A Creston eighth-grader has become a newsmaker in Iowa track and field before she even puts on a high school uniform.
Michael Admire of WHO (channel 13) in Des Moines was in Creston Wednesday afternoon to do a segment on tonight’s newscast (possibly both 6 and 10 p.m.) on Hannah Hood of Creston.
Hood turned heads earlier this week by unleashing a throw of 37 feet, 4 inches in winning the eighth-grade division at the Lil Charger Track Meet in Chariton. That shattered her school eighth-grade record of 32 feet, 5 inches set earlier this season.
However, it also surpassed the Creston High School record of 36-8 1/4 held by Callie Jeffryes. And, it ranks as the best throw in the Hawkeye 10 Conference high school ranks this year, and would have placed sixth in the Class 4A state meet last year, and 10th in Creston’s division (3A).
“She’s got a lot of promise,” said Panther high school coach Clay Arnold.
This weekend, Hood is scheduled to join other Creston athletes at the Iowa Track Coaches Association State Junior High Meet in Waukee, where she is the defending champion in both the shot put and discus from the 2012 meet. She established a new record in the shot at 31-1 3/4, and won the discus with a toss of 85-1.
Last year, a throw of 42-9 won the Class 3A state high school meet, and Sarah Pate of Osceola Clarke won the 2A division at 40-10 1/4.
Hood is approaching those distances with the same size of shot put used in high school. Both high school and middle school girls use the 4-kilo shot (8.8 pounds), while the boys high school contestants move up to the heavier 12-pound shot.
In discus, middle school and high school use the same size of disc, while the boys again take a step up in weight in high school.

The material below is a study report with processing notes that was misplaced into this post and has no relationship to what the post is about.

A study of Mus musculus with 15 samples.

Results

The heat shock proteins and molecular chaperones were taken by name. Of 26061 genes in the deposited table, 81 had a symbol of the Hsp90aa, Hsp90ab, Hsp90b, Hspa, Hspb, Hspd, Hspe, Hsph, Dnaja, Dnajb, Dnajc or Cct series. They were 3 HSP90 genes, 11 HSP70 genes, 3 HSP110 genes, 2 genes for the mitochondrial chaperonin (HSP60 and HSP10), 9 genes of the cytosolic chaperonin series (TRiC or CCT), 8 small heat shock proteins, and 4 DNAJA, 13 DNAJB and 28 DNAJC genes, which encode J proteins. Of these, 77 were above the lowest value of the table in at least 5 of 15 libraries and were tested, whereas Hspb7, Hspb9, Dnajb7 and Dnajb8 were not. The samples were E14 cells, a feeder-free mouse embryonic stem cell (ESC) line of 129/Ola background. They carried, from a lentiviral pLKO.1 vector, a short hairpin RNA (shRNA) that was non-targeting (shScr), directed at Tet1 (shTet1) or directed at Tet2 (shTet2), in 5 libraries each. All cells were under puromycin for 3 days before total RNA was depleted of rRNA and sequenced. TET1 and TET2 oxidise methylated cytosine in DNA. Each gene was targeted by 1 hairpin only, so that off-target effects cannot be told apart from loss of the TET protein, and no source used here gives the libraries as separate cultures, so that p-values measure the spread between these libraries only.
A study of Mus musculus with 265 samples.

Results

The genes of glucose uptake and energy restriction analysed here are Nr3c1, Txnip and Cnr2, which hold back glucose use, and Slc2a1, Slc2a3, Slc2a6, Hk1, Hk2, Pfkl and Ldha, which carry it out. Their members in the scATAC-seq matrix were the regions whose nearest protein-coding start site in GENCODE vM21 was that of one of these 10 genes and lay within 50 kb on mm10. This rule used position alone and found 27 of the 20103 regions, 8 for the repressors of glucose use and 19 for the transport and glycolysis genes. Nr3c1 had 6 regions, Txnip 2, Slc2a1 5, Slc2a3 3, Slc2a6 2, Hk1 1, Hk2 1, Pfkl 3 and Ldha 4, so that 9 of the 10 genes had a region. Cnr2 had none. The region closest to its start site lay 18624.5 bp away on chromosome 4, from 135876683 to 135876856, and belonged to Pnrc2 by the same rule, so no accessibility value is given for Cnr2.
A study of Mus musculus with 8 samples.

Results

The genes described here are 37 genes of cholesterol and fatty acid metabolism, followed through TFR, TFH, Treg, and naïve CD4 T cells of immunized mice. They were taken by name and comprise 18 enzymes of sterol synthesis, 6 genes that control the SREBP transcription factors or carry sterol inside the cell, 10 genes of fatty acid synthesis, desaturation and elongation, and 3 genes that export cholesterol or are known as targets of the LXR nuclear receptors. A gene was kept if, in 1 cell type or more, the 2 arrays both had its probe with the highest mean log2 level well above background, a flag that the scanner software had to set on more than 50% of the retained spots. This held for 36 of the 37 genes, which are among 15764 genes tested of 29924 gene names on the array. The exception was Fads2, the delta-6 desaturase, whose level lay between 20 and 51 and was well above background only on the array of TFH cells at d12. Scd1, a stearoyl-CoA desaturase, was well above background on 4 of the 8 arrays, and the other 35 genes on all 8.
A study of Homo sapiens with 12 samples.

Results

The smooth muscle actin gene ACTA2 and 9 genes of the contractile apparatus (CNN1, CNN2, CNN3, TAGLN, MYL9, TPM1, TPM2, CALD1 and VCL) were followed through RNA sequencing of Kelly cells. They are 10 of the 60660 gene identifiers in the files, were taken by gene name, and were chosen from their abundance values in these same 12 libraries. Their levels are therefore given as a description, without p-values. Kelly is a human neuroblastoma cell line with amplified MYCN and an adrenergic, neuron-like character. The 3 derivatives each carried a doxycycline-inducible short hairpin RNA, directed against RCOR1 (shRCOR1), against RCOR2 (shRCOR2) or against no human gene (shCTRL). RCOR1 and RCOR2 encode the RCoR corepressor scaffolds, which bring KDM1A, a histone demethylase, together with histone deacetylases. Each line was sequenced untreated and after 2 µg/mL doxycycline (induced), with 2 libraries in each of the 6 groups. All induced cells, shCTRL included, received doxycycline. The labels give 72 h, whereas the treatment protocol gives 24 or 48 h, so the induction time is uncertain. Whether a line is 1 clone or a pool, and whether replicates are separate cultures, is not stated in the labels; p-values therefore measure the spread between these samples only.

Jon Thomson, throwing coach for middle school track, said Hood has potential for big gains in distances in high school, through improved training and technique.
“She still has a bunch of things to work on,” Thomson said. “She is only going to get stronger. Her technique is only going to get better. She’s improving. That (Chariton throw) was just a power throw. It was not full-on technique. Once she gets that down, it’s going to be pretty impressive.”
“I would like to go 45 feet,” Hood said Wednesday, nervously getting prepared for the television interview at a windy Panther Field. “I’d like to really get it up there, and let people know that I’m serious about it. I’d like to throw in college.”
A 45-foot throw would rank her 19th all-time in the state of Iowa. The record is 53-3 1/2 by Paulette Mitchell of Council Bluffs Abraham Lincoln, set in 1992. The Hawkeye 10 best is 46-10 by Abby Emsick of Lewis Central in 2000.
From the area, Hood is already within two feet of the Class 1A state-winning throw of 39-3 by Stacy Helm of Lenox in 1991.
Her career best of 101-3 so far in the discus would have qualified her for state in high school last year. She did that as a 13-year-old seventh-grader.
“She just keeps pushing herself,” Thomson said. “She obviously has the talent and strength, but also the coachability. She listens, takes that and applies that to her practice and her workout. That’s a key part of her success.”
The daughter of Tim and Rhonda Hood has some family background in the shot put and discus to rely on. Both her father and brother Zach participated in those events in high school.
Tim, superintendent of schools in Keokuk, was able to see Hood’s record-setting throw last week in Chariton.
“That made it kind of special,” Hannah said. “Mom videotapes my throws, and sometimes my dad and my brother talk to me about what I’m doing. It helps me in knowing what I need to do.”
Through all of her accomplishments, there’s still one local record in her sights. Aubrey Pendegraft still holds the eighth-grade discus mark of 96-8, set in 2005. Hood owns all of the other seventh and eighth-grade shot and discus records, going 31-11 and 101-3 as a seventh-grader.
Her best in the discus this year is 92-11.
“Hannah is pretty good at setting goals for herself, and then going out and getting them,” Thomson said. “Nothing she does surprises me.”